Attachment theory sheds light on the underlying causes of unhelpful relationship behaviours in marriage.

According to search analytics, one of our most popular blog posts explores attachment styles in marriage. That’s because our attachment style profoundly impacts the way we relate to each other.

Incorporating insights from neuroplasticity, genetics and parental nurturing experiences, Attachment Theory illuminates underlying causes of disruptive relationship behaviours in marriage.

It posits that the kind of relationship we experience from our parents (or other primary caregivers) in infancy, predisposes us to an attachment style as an adult. In a complex interaction of both biology and environment, these early interactions influence our brain development and neurological wiring as infants.


The human infant is hardwired to form attachment bonds. We are dependent on caregivers not only for our physical needs but also for psycho-emotional needs such as affection, stimulation, and the soothing of distress.

When these needs are met in a reliable and timely manner, we develop a “secure” attachment style. Our caregiver provides a “secure base” from which we explore the world and is a “safe refuge” in unfamiliar settings or in the presence of strangers.

As we mature, we become more adept at self-soothing and managing our needs. A secure attachment style provides us with a solid foundation for the formation of healthy adult bonds.

We are capable of appropriate interdependence in our marriage: confident of our self-worth and responsive and empathetic towards our spouse. We can tolerate solitude and are emotionally resilient in times of stress or tension.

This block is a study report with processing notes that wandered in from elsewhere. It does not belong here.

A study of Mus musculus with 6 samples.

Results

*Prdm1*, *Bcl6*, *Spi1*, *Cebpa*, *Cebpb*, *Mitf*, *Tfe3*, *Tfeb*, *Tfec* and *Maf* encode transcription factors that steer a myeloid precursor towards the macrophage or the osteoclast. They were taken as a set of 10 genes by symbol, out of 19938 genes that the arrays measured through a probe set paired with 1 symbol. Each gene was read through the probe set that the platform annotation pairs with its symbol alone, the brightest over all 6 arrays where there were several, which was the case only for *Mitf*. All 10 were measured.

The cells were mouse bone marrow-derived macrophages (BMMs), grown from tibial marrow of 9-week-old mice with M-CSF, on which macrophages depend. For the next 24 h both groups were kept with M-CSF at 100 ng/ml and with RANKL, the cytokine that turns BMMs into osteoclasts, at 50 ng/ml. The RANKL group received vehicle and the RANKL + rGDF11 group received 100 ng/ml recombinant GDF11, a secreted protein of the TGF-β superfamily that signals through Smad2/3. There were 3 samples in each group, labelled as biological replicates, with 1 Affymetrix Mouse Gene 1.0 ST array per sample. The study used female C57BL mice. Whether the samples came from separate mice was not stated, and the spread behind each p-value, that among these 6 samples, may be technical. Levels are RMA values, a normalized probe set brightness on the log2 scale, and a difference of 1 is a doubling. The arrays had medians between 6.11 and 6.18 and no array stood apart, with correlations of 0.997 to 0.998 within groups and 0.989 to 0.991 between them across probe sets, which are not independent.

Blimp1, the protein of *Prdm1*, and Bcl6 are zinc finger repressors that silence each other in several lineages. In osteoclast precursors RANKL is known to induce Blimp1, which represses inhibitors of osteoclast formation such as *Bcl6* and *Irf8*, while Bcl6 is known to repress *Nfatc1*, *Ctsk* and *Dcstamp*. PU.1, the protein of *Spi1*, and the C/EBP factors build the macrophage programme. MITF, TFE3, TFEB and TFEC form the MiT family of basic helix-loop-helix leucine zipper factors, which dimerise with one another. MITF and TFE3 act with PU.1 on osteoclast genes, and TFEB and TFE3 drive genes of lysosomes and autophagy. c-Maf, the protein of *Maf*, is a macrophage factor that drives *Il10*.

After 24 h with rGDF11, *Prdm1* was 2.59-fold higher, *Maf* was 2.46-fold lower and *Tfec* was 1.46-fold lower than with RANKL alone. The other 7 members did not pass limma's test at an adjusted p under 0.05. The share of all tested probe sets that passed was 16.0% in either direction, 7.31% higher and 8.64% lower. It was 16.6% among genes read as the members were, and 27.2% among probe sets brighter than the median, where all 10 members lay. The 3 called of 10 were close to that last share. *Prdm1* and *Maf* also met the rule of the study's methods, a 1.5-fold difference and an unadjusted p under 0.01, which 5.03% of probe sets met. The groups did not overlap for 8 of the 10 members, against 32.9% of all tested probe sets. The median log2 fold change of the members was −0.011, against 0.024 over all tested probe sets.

attachment styles in marriage - The Catholic weekly

Attachment wounds

However, if our infant needs are not met in a consistent and reliable manner, we are at risk of developing an insecure attachment style. This is a self-protective adaptation to deal with the absence (or unreliability) of a secure base and safe refuge.

Insecure attachment styles have three categories.

Anxious: As a child this is expressed as being needy and demanding, manifesting high distress in new environments and when separated from our parent. Insecure Anxious adults may have low self-worth, a deep fear of rejection and solitude, and seek constant reassurance of their spouse’s affection. Inclined to co-dependency, research suggests an estimated 20 per cent of the population is in this attachment category.

Avoidant: As a child this is expressed as independence and distrust of others. Insecure Avoidant adults may be dismissive towards others, resisting intimacy in favour of protecting our autonomy. Affecting around 25 per cent of the population, the Insecure Avoidant adult appears to have low empathy and seems distant and cold to their spouse.

Disorganised: This is expressed in children as oscillating between anxious and avoidant behaviours. Observed in three-five per cent of the population, adults with this attachment style tend to have chaotic relationships which are under constant stress due to inconsistent reactions.

For better … and better

Attachment theory is best understood as being on a spectrum, with the signature behaviours operating to different degrees in dynamic reaction to the other. The expression of our attachment style will be responsive to the attachment behaviours of our spouse.

Like a temperament, attachment styles tend to persist throughout life, but should not be considered immutable. The principles of neuroplasticity have demonstrated that with the appropriate support, our problematic behaviour patterns can be re-wired.

An intentional marriage that is loving and affirming, is a powerful way to heal the wounds of insecure attachment. It’s one of the great graces of marriage as we grow in attachment to each other by providing consistent and responsive care.

The dominant attachment style that arises from our childhood experiences has a profound influence on our marriage and parenting. We owe it to ourselves, our children and indeed our grandchildren, to never give up on seeking to be better for each other and for them.